Many years ago, my little brother and I got certified for SCUBA diving. SCUBA is an awesome sport, but it comes with lots of risk if you don’t following training.
Good SCUBA instructors drill a mantra into the heads of students that reminds them what to do if they ever get in trouble:
STOP – THINK – ACT
When you discover you are in trouble, stop doing whatever you are doing before you take the next action. Then, carefully consider your options. Once you’ve determined the best solution, act.
It’s important to do them in that order, of course. People who get injured or die in SCUBA accidents usually do all of these things, just in the wrong order. They panic first and try a whole bunch of actions immediately, they only take time to think when they are in even worse trouble, and then they stop – sometimes permanently.
While it’s unlikely you are reading this underwater, you may feel like you are doing everything possible right now just to keep your head above it. There is hope! People I know that keep themselves under control practice these three steps consistently:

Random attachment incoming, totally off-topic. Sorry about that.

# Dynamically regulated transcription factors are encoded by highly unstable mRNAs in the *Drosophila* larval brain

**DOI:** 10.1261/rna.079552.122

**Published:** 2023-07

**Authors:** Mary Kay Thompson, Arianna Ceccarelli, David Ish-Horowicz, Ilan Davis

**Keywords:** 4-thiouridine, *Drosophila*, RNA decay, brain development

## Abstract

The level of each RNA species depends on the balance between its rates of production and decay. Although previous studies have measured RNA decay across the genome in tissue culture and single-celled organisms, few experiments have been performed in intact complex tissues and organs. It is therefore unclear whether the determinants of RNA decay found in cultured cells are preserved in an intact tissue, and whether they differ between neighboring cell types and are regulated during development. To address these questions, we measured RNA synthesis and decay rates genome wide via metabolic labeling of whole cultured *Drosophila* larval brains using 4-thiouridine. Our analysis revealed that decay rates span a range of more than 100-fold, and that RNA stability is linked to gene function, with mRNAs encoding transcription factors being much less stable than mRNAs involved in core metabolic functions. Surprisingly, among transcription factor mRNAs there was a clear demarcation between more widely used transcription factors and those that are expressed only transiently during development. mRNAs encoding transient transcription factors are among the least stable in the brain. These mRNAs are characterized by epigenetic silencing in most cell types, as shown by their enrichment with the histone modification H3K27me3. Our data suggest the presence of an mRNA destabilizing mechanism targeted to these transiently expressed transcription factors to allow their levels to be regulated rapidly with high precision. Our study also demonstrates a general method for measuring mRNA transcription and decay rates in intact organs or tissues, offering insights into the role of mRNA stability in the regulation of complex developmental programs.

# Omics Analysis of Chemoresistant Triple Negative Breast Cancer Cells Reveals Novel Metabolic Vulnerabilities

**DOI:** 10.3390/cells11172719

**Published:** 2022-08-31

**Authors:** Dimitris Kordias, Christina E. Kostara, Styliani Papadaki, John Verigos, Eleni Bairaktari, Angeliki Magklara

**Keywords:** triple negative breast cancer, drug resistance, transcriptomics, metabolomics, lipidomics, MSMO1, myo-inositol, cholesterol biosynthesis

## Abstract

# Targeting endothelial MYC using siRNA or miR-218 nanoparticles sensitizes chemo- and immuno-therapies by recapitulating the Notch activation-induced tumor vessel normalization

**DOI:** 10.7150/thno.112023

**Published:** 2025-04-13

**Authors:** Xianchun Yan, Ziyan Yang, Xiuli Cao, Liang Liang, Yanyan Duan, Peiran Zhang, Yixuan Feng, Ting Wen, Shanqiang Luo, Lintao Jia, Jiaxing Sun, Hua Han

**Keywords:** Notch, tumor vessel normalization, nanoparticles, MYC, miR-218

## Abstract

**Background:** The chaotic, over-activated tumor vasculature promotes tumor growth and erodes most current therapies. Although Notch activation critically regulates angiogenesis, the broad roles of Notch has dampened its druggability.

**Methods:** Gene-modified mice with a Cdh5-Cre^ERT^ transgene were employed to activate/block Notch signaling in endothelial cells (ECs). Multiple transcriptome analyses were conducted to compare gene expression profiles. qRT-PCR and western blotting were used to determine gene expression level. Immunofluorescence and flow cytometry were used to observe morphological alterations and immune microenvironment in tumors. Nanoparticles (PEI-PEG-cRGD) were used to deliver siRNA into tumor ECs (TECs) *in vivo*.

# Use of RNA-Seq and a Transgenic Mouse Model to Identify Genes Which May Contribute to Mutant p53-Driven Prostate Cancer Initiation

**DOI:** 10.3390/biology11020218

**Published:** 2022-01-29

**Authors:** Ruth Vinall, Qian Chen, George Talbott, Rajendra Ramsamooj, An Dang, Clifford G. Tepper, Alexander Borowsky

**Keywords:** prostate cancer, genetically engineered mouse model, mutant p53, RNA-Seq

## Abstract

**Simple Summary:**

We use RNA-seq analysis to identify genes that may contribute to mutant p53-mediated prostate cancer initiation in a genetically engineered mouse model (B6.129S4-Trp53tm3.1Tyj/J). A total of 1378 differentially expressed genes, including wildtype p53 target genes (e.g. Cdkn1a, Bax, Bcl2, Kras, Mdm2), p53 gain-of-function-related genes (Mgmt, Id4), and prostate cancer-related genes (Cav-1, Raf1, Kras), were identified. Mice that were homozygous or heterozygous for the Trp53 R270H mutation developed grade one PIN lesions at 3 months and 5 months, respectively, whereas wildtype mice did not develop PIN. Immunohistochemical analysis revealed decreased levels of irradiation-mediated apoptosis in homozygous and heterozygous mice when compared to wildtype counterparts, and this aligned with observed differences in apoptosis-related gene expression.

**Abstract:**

A recent study by Right Management finds that only 1 in 5 people even bother anymore to stop and take a real lunch break. When I discuss “stopping” with clients, I’m often told that while they recognize the importance of it, there’s just not time right now.
It doesn’t matter how busy our days are or how overwhelming our professional and personal task list is right now. We all have time to stop. True, we might not have lots of time, but we can all halt the craziness of our schedules by taking 5 minutes to do nothing.
Make time today to stop – even if it’s just 5 minutes.
Stopping clears our minds and helps us consider what’s important. After you clear your head, ask yourself at least one of these questions:
- Am I really working on what is most important right now, or merely trying to knock things off lists so I feel a sense of accomplishment?
- What is something I’m doing that is best delegated to someone else?
- Do I know what my five most important priorities are this week?
- What’s one thing I can do for myself today?
- Am I taking care of my body right now?
- When’s the last time I asked someone for help with something?
- How much of what I’ve done today is really someone else’s job?
- Who is someone I’ve promised to connect with recently, but never did?
Honest answers here are starting points to take back control.
Based on your answers, take one action today to get more control. Or, plan 4-5 actions you need to complete this week to feel successful at the end. Then, get started. Consistent application will keep you in control.
Now, what’s a question you often ask yourself that you find helps you take back control? Share your answer in the comments below so we can all benefit.